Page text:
After the passing of Ms. Lucille, I was questioned about whether the correct spelling of her maiden name was Grubb or Grubbs. In early census record, the name is usually spelled Grub or Grubb. Over the years it evolved into Grubbs.
Although some families use the early spelling and some choose to use the latter, most in this area are descendants of William Debarron Grubb (1811-1895) and his wife Nancy Dodd (1807-1877), both born in Virginia. They migrated to Tennessee about 1848, traveling by oxcart with their five children who were also born in Virginia.
(1) Mary Susan (1838-1856) who married a Mr. Eaves.
No further information on Mary.
(2) Jemima C. (1840-1930) who married William D. Adkins (1831-1907) in Weakley county in 1857.
From family history–Jemima is remembered as being a small woman who always wore a black dress and black bonnet. She was buried in a black dress and bonnet alongside her husband at the Grubb family cemetery. According to 1900 census, they had no children.
(3) Elizabeth Ann (1842-1900) who married Asa Clifford Matheny (1835-1898) in Weakley County in 1869.
The second wife of Asa, they were parents of sons Beverly, James, Henry, and daughter Nancy. Asa’s children by first wife Katheryn Johnson-William, Susan, Lucy and Obe. Elizabeth and Asa are buried at Concord Cemetery near Latham.
(4) Benjamin Alfred (1843-1923) who married Susan Martha Tucker (1852-1918) in Weakley County in 1868.
Benjamin A. Grubb was a Pvt. Co H, 33 Inf. Regt. in Confederate Army during War Between the States and fought in Battles of Shiloh, Perryville, KY and Chattanooga.
Benjamin Alfred and Susan were parents of ten children: James; Nancy Elizabeth who married W. L. Howard; Joseph; Benjamin Silas who married America Valera May Bowlin; William; Valeria C. who married Tobe Bowlin; Cynthia; Edna who married Mr. Thomas; Neal Lester who married Lula Mae Eaves; and Susan Annie who married J. C. Glasgow.
(5) Edward H. (1846-1898) who married Delaware (maiden name unknown) (1847-1901)
Edward and Delaware were parents of six known children: Susan Adeline; Robert L; Mary Ann; Alfred W.; Albert H; and Edwin Coleman who married Maggie Lee Wilson in Weakley County in 1898.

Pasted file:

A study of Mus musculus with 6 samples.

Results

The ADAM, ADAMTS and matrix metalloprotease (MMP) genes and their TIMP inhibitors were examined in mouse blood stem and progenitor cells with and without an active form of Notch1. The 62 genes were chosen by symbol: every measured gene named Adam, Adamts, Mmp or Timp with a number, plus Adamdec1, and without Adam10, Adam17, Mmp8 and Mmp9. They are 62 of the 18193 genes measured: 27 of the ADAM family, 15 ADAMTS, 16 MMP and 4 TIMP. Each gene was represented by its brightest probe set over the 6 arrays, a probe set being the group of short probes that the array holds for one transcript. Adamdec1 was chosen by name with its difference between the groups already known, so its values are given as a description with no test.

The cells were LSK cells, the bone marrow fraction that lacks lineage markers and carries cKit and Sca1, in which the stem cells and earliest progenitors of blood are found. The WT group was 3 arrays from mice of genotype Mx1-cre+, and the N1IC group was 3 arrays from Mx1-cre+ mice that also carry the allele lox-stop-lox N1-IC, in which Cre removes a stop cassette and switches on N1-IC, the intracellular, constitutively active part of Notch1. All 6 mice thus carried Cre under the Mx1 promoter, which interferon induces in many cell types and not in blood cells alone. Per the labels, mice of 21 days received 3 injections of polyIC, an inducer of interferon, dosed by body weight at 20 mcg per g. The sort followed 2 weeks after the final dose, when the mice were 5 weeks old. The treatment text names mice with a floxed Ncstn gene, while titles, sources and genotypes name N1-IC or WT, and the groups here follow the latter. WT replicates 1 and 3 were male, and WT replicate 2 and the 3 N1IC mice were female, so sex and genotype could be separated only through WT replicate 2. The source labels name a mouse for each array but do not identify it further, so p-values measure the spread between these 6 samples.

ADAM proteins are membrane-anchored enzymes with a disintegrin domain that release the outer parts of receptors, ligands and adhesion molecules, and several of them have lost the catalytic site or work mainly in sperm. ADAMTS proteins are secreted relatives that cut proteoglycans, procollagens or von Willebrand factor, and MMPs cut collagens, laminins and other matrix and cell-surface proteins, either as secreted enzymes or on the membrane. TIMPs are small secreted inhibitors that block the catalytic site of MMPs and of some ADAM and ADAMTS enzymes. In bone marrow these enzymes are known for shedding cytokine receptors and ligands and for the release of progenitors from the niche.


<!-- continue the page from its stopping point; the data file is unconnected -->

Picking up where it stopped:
Edward and Delaware Grubb are buried at Grubb family cemetery.
Edwin Coleman (1879-1967) and Maggie Lee (1882-1969) Grubb were parents of Ela Flois who married Tobe Mansfield; Claud who married Alta Watts; Seymore; Reubin who married Estelle Puckett; Lucille Delaware who married Riley Rainbolt; and L. C. who married 1st Clinton Caldwell,and married 2nd Hubert Puckett. She is the only surviving child.
Edwin C. and Maggie Lee Grubb are buried at Matheny Grove Cemetery.
(Note: Although family records state that many of the early burials were at the Grubb family cemetery, it’s location could not be determined. As some of these family members do have head-stones at Thompson Cemetery on Boydsville Road, it is likely they are the same.)
According to family history, Debarron and Nancy’s journey from Virginia to Tennessee took six weeks. The family settled on the Boydsville Road probably in or near the Fancy community.
The sixth child of Debarron and Nancy Grubb, Sarah Jane Grubb (1848-1918) was born after the family arrived in Tennessee. She married William A. Thompson (1839-1910) in 1866. They are buried in Thompson Cemetery.
Sarah Jane and William A. Thompson were parents of sons Benjamin A. and Albert S. (Burke) and a daughter Nancy A. who married Edmund A. Stow.
William A. Thompson was a Confederate soldier; he also served four terms as sheriff of Weakley County.
Nancy and Ed Stow were parents of Annie Laura; William Monroe (Buck); Sarah Patience; Lydia; Susan Ethlene;
Pearl Irene; and a child who died in infancy.
Debarron Grubb, known as “the Ole Dutchman,” and his wife were buried in the Grubb family cemetery.
Debarron Grubb was postmaster of the Black Oak post office from October 17, 1855 until September 22, 1866. Black Oak is one of three post offices listed in the 5th District in the 1860 census record, the other two were Elm Tree and Boydsville. (The Palmers Store post office was discontinued in January 1855 and was reinstated in July of 1874 as Palmersville).
Historians and genealogists have tried for years to pinpoint exactly where the “Black Oak” Post Office would have been, a query that may never be answered with authority. My personal belief is that it was somewhere between the Fancy community on the Boydsville Road and the crossroads where the Boydsville Road meets the Latham/ Palmersville Road.
The Boydsville Road beginning at Boydsville on the Kentucky/Tennessee state line and continuing through Sprouts Levee to Dresden is one of the oldest roads in Weakley County and is still widely traveled.
Compiled Information from Weakley County History & Families, Pansy Baker, Census Records, Cemetery Records, Tennessee Marriage Records; Various Family Trees on Ancestry, Debarron Grubb Family Bible Extracts, Tennessee Postmasters, and personal research.